Biochemistry, Cell and Molecular Biology Majors Present Research at International Cell Biology Conference

January 8, 2016

Five University of Scranton biochemistry, cell and molecular biology majors presented their research at the American Society for Cell Biology (ASCB) annual conference in San Diego, California. From left: George R. Gomez, Ph.D., associate professor of biology, and student presenters Alice Chen-Liaw, Christa Musto, Matthew Reynolds, Grace O’Neill and Nicole McAndrew.

Five University of Scranton students majoring in biochemistry, cell and molecular biology (BCBM) recently presented their research at the 2015 American Society for Cell Biology (ASCB) annual conference, held in December in San Diego, California. The students are: Matthew Reynolds, a sophomore from Apalachin, New York; and seniors Grace O’Neill of Avoca, Christa Musto of Forty Fort, Nicole McAndrew of Archbald and Alice Chen-Liaw of Morris Plains, New Jersey.

Several of the students received competitive travel awards to attend the conference. Reynolds and McAndrew received support from the Worthington Biochemical Corp. Chen-Liaw, who presented at the ASCB conferences in 2014 and 2013, received support from ASCB. O’Neill, Musto and McAndrew also presented research at the ASCB conference in 2014.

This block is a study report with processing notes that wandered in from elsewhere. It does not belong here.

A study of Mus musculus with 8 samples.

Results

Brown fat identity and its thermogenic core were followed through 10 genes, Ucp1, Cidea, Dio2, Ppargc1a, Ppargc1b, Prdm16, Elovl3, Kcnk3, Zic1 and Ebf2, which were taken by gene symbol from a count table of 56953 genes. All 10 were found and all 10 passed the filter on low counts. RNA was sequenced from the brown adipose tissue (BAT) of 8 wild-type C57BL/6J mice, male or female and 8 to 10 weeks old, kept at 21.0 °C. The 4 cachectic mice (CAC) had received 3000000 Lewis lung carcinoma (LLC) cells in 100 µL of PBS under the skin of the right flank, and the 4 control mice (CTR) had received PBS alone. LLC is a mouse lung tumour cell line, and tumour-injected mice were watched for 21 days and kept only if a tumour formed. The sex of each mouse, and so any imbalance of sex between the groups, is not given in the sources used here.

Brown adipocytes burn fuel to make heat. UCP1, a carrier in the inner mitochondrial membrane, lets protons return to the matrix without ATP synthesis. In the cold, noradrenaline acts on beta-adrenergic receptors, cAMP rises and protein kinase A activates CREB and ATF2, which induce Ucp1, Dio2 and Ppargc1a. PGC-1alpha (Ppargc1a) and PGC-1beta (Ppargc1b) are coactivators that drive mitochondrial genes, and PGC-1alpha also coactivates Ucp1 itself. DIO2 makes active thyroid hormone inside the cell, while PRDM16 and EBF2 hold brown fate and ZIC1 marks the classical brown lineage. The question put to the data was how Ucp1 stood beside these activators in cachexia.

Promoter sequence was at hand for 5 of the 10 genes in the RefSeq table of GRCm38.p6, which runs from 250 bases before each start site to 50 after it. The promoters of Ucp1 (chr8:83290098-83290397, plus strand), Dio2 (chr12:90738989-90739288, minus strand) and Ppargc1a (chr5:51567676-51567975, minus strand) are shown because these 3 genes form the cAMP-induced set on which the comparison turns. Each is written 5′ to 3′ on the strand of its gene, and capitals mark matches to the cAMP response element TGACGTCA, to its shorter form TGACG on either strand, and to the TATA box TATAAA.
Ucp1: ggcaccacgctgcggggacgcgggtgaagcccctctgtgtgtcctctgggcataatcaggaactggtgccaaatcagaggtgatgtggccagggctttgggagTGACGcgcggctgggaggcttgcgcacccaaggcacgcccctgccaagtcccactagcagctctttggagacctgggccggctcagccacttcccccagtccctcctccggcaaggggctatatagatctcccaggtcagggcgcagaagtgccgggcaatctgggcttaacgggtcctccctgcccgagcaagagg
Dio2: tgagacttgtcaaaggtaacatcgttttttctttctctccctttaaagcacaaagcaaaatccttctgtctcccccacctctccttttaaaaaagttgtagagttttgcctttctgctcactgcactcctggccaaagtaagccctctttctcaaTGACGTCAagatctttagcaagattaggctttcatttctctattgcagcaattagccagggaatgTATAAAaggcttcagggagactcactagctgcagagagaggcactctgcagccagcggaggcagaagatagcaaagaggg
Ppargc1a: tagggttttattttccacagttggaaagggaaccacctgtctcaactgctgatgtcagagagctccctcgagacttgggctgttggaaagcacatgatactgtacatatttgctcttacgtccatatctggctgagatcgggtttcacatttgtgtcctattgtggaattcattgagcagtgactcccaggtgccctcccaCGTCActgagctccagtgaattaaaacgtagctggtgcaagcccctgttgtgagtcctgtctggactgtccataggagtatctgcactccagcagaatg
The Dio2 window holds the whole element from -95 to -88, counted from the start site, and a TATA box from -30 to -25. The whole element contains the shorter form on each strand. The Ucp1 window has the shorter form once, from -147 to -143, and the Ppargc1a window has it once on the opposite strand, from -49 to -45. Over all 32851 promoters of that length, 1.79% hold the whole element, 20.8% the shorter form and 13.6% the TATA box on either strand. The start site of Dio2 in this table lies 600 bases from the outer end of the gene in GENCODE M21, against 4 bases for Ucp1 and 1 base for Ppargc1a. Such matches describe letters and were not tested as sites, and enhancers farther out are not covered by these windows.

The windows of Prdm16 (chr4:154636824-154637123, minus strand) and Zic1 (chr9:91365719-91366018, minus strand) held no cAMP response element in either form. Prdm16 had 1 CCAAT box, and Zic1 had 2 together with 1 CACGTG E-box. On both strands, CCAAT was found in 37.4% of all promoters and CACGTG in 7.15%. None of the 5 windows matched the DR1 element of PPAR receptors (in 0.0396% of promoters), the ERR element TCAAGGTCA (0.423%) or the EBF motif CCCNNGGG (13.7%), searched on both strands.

Reynolds, who is a member of the University’s Honors Program, presented his research on the “differential effects of peroxynitrite exposure on membrane protein synthesis and traffic in cerebellar versus cerebral cultured embryonic chick brain neurons.”

O’Neill and Musto presented their research titled “Expression of Golf and OMP in chick olfactory neurons is influenced by exposure to exogenous compounds.”

Chen-Liaw, a member of the University’s Honors Program, presented her research titled “Exendin-4 reduces hepatic steatosis in cultured hepatocytes.”

McAndrew presented her research titled “Retinoic acid-induced Neuronal Differentiation in Neuroblastoma is mediated by the activation of the CRABPII signaling pathway.” McAndrew received a 2014 Presidential Summer Fellowship from The University of Scranton for her research.

The ASCB, an international professional society of more than 9,000 scientists, is dedicated to advancing scientific discovery and promoting professional development.

All five students participate in the research laboratory of George R. Gomez, Ph.D., associate professor of biology at the University.